John Haught concludes Making Sense of Evolution with some reflections on how an evolutionary picture of the world should inform–and even transform–our view of God. As we’ve seen, Haught thinks that evolutionary science reveals a creation that is unfinished and in process, analogous to an unfolding drama rather than a perfectly engineered machine. And how we think of creation has implications for how we should think of God.
Specifically, he argues that we should think of God as the world’s “Absolute Future”–the power of new possibilities, of liberation and promise. God is not one cause among others within the world; rather, with classical theology, Haught affirms that God is the ground of all possible being, and the one who underlies and envelops the entire drama of cosmic evolution, drawing it toward its final consummation. As with any dramatic narrative, its meaning and significance can’t be fully grasped until the end. The world doesn’t point unambiguously to the omniscient designer of high-modernist natural theology; we can only discern meaning and direction partially because we are in medias res.
Drawing on the work of Alfred North Whitehead and Teilhard de Chardin, Haught proposes that God beckons or lures creation forward, continually presenting it with new possibilities for greater complexity and beauty.
The ultimate explanation of evolution is the coming (or advent) of God into the world from out of an endlessly expansive future. For Christians, the God who comes from the future becomes incarnate in Christ; in the ongoing evolution of life, the Spirit of Christ–the Holy Spirit–animates the whole of creation so that all things anticipate a final convergence in the wide embrace of God the Father. In the depths of evolution and cosmic process, what is really going on, therefore, is the Trinitarian drama: God the Father speaks the Word that becomes the incarnate center and goal of the universe, and the whole universe is now being transformed into God’s bodily abode by the power of the Holy Spirit. (pp. 138-9)
This story of “what is really going on” isn’t in conflict with the story that natural science tells, Haught maintains. Theology deals in ultimate explanations; science in penultimate ones. Evolutionary naturalists sometimes take Darwinian science to entail a materialistic worldview, but this is, Haught says, to confuse levels of explanation. He contrasts a “metaphysics of the past” with a “metaphysics of the future.” The former says that what’s “really real” are the basic physical particles, and everything else is to be explained as nothing but a rearrangement of these particles over time. A metaphysics of the future, however, sees the ultimate explanation of things as coming from their ultimate end–which is an increasing complexity. From the very beginning matter is latent with the potential for mind and spirit. “The domain of thought has its proper home in nature, and this places in doubt the evolutionary materialist’s assumption that the universe is essentially mindless and hence devoid of purpose” (p. 145). The idea of matter without mind or spirit is a kind of abstraction from the fullness of experienced reality. This inward, spiritual aspect is what allows the Spirit of God to call forth creation’s potential for new and richer forms of existence.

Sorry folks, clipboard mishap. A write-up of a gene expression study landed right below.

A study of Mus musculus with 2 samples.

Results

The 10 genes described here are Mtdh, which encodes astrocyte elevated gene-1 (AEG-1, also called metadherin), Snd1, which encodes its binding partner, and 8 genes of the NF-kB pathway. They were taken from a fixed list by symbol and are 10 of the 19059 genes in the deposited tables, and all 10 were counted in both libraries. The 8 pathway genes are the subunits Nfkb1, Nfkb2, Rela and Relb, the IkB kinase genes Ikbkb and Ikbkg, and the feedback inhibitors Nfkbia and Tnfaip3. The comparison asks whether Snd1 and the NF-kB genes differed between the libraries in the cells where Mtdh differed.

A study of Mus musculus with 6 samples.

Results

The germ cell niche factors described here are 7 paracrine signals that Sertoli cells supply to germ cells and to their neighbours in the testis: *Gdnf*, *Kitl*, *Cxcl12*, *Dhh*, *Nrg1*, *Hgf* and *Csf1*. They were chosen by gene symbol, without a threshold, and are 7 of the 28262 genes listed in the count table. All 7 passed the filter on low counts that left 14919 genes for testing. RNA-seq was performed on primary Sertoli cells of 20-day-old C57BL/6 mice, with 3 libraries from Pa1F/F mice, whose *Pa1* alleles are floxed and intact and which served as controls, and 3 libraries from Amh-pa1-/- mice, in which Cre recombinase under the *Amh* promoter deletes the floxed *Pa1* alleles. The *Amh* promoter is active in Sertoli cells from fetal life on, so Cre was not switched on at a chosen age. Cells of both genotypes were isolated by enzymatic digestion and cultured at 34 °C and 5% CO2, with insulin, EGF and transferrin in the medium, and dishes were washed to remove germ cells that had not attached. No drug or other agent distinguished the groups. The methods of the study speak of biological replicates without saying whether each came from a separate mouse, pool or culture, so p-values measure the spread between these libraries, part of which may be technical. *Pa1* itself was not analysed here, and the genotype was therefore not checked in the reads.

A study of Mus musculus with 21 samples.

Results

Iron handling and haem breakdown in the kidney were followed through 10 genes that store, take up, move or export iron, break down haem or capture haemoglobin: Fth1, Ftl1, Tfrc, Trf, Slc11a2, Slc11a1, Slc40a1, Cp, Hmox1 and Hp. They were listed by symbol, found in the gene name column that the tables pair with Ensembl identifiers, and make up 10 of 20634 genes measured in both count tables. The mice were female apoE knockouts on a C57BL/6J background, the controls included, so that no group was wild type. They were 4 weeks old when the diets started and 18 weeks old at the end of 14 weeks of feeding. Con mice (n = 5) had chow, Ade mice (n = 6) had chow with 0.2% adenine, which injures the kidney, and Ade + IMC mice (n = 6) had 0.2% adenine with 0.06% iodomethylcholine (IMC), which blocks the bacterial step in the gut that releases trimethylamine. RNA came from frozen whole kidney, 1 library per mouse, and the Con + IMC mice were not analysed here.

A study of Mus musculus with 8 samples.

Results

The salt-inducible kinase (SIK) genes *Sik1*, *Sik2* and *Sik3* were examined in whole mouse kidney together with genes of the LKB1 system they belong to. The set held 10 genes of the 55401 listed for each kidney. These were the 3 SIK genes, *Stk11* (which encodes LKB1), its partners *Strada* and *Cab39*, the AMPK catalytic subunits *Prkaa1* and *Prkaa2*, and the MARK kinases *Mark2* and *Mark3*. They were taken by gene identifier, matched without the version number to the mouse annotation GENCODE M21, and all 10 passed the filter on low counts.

If a theology of evolution questions the materialist dogma that only matter is “really real” while mind and spirit are essentially epiphenomena, it also takes issue with certain theologies that treat the physical world as at best a backdrop to the human story and at worst as a prison from which human souls need to be “harvested.” Whether in the lurid “Rapture” mythology of popular apocalypticism or in more sophisticated versions, this theology agrees with materialism that mind is essentially not at home in the universe. By contrast, Haught-ian evolutionary theology takes a much more holistic view. This has implications for spirituality and ethics: our task is not to maintain our moral or doctrinal purity so we can escape this perishing world into a heavenly afterlife. Instead, our task is to contribute, in our own small way, to what could be called the “divinization” of creation–“the noble enterprise of bringing a whole universe closer to unity and fulfillment in God” (p. 148).